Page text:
In a continent filled with stunning variety, Venezuela still manages to standout for the diversity of its spectacular sights. The country has Andean peaks, endless Caribbean coastline, idyllic offshore islands ad grasslands teeming with wildlife. The long winding Orinoco River and its banks as well as rolling savannas punctuated by flat-topped mountains called tepuis host a wide variety of flora and fauna. Those seeking adventure will find hiking, snorkeling, scuba diving, kite-surfing, windsurfing, paragliding and more. Even better, most of these attractions lie within a one-day bus trip of each other.
Venezuela receives considerably fewer visitors than other major South American countries. Tourism infrastructure exists, but it is primarily geared toward domestic travelers. That said, Venezuelans love to have a good time, and that spirit is infectious.
Salto Ángel (Angel Falls): Thundering Angel Falls is the world's highest waterfall and Venezuela's number-one tourist attraction. Its total height is 979m (3211ft), of which the uninterrupted drop is 807m (2646ft), about 16 times the height of Niagara Falls. The cascade spills off the heart-shaped Auyantepui, one of the largest of the tepuis (sandstone-capped mesa), into Devil's Canyon.
Angel Falls is not named after a divine creature, but after an American bush pilot, Jimmy Angel, who crash landed his four-seater airplane atop Auyantepui in 1937.
The waterfall is situated in a distant, lush wilderness with no road access. Most visitors who visit by boat opt to stay overnight in hammocks at one of the camps near the base of the falls. The canoe trip upriver, the surrounding area and the experience of staying at the camp are nearly as memorable as the waterfall itself.
Lake Maracaibo: Those who love the theatre and excitement of a good bout of thunder and lightning should consider visiting South America’s largest body of water, Lake Maracaibo, the site of the most frequent lightning in the world. The heat and humidity are at optimum levels here, and with the addition of wind caused by the surrounding Andes, the lightning is the most intense and predictable in the world. Lakeside fishing communities now welcome tourists who come to make the most of what is called Catatumbo lightning, so-called because it only occurs over the mouth of the eponymous river that flows into the lake.
Venezuela actually takes its name from Lake Maracaibo’s water-world settlements. The rows of huts constructed on stilts atop the calm water put the first Spanish explorers in mind of a Little Venice, and the name stuck.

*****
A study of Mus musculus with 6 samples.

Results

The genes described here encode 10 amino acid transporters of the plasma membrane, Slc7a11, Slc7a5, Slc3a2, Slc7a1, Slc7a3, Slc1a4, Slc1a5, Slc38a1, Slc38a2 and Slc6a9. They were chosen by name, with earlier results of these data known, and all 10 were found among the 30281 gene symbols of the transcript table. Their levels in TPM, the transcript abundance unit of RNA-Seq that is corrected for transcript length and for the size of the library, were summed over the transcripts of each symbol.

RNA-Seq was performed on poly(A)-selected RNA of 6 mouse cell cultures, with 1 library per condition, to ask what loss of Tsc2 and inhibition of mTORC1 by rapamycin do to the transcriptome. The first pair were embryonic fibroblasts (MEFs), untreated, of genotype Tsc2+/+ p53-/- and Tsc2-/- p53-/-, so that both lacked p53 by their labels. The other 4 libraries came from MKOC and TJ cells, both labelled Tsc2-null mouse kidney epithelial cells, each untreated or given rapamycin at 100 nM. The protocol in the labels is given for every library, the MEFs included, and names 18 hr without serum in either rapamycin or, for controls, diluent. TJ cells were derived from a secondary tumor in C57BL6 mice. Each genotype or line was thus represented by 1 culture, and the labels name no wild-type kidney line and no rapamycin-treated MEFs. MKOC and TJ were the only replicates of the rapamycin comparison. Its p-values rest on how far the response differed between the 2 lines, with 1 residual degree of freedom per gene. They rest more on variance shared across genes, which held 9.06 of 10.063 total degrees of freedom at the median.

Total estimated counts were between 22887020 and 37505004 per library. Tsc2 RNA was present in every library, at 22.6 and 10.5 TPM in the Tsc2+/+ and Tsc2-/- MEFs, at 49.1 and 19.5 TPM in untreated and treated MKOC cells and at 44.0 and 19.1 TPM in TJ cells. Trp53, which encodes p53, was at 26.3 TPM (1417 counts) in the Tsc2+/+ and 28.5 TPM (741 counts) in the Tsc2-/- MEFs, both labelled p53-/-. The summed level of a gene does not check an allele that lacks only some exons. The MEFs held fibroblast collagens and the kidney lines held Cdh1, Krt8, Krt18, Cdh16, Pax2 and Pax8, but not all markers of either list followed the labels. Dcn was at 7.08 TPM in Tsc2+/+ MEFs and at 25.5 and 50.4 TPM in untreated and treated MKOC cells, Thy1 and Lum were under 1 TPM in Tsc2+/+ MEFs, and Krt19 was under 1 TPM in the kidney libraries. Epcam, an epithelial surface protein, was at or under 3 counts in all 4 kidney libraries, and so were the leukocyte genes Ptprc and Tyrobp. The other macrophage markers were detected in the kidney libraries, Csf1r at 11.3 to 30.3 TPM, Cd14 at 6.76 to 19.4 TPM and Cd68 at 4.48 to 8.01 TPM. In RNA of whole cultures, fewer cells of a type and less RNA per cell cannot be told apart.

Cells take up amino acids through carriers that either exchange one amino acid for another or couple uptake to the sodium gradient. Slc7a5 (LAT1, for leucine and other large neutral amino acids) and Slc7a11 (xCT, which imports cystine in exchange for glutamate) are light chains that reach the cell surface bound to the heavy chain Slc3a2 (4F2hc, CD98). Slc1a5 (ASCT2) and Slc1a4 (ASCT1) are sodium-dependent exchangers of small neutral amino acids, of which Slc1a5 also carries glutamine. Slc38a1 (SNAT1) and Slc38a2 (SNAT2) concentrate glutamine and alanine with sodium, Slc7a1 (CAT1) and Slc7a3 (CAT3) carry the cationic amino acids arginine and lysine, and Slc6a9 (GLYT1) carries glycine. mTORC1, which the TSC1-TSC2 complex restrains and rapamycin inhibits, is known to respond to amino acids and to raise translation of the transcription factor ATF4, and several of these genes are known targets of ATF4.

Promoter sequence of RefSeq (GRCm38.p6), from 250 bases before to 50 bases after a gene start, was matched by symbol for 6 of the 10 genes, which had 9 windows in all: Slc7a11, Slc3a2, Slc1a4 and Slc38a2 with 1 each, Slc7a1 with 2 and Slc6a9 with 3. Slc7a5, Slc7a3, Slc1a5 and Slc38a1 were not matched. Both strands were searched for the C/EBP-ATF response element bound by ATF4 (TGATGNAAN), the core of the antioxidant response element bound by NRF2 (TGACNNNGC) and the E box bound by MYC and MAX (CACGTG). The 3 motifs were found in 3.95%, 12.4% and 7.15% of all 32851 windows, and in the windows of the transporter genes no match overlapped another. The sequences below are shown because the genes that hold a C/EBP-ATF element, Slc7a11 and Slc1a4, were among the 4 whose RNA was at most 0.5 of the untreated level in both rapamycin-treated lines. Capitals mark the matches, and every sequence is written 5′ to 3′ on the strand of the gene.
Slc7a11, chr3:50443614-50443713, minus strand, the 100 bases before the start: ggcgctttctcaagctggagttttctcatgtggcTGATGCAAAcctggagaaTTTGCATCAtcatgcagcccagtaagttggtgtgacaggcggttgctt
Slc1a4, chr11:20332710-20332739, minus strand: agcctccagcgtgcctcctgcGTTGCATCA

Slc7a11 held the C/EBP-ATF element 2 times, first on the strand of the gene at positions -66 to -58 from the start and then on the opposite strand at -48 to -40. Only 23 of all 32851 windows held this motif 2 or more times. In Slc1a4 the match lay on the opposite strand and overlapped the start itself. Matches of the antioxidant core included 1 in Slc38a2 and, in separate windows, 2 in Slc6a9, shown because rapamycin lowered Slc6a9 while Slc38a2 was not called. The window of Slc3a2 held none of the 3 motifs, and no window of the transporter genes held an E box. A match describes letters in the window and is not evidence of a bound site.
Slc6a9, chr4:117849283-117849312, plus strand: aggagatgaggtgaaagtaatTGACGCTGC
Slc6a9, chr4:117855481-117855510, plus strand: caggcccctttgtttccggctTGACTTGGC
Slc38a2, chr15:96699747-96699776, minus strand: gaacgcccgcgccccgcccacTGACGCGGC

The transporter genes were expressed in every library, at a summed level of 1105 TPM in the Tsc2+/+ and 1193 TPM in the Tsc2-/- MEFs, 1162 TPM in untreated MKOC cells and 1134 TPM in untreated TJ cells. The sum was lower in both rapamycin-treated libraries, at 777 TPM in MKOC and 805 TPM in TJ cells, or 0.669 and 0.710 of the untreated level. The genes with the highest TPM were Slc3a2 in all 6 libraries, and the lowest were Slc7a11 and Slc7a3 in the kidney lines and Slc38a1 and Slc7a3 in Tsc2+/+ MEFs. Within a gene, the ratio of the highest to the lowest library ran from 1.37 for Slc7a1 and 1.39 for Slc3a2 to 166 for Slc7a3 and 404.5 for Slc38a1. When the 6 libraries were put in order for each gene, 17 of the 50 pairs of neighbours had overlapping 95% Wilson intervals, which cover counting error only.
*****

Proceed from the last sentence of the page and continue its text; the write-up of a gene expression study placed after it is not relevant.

Yunek: Sitting in the shadow of the Chimantá Massif, a collection of 11 tepuis from which waterfalls descend from mile-high rock walls, the view from Yunek is alluring. The mist-shrouded mountains rising out of the forest here form one of the world’s most beguiling frontiers of exploration and research, inspiring Arthur Conan Doyle’s 1912 fantasy novel ‘The Lost World’ and teams of biologists who still mount expeditions to remote escarpments in hopes of finding species new to science.
Parque Nacional El Ávila: One of the great attractions of the Caracas area, this national park encompasses some 90km of the coastal mountain range north of the city. The highest peak in the range is Pico Naiguatá (2765m), while the most visited is Pico El Ávila (2105m), which is accessed by the teleférico (cable car). The southern slope of the range, overlooking Caracas, is uninhabited but crisscrossed with about 200km of walking trails. Most of the trails are well signposted and there are a number of campgrounds.
Roraima: A stately table mountain towering into churning clouds, Roraima at 2810 meters lures hikers and nature-lovers looking for Venezuela at its natural and rugged best. Unexplored until 1884 and studied extensively by botanists ever since, the stark landscape contains strange rock formations and graceful arches, ribbon waterfalls, glittering quartz deposits and carnivorous plants. The frequent mist only accentuates the otherworldly feel.
Although it is one of the easier tepuis to climb and no technical skills are required, the trek is long and demanding. However, anyone who is reasonably fit and determined can reach the top. Be prepared for wet weather, nasty puri puris (invisible biting insects) and frigid nights at the summit. And give yourself at least six days round-trip so you have sufficient time to explore the vast plateau of the tepui.
Parque Nacional Morrocoy: One of the most spectacular coastal environments in Venezuela, Parque Nacional Morrocoy comprises a strip of park on the mainland, and extends offshore to scores of islands, islets and cays. Some islands are fringed by white-sand beaches and surrounded by coral reefs. The most popular of the islands is Cayo Sombrero, which has fine coral reefs and some of the best shaded beaches. Other snorkeling spots include Cayo Borracho, Playuela and Playuelita.
Cueva de Kavac: Near the purpose-built tourist village of Kavac, Cueva de Kavac is not a cave but a deep gorge with a waterfall plunging into it. There is a safe, natural pool at the foot of the waterfall, which you can reach by swimming upstream inside the canyon. It is a pretty straightforward half-hour walk from Kavac to the gorge.
Kavac itself consists of around 20 churuatas (palm-thatched huts) built in the traditional style, resembling a manicured Pemón settlement. Quiet and almost devoid of people, it sits on the savanna just southeast of Auyantepui.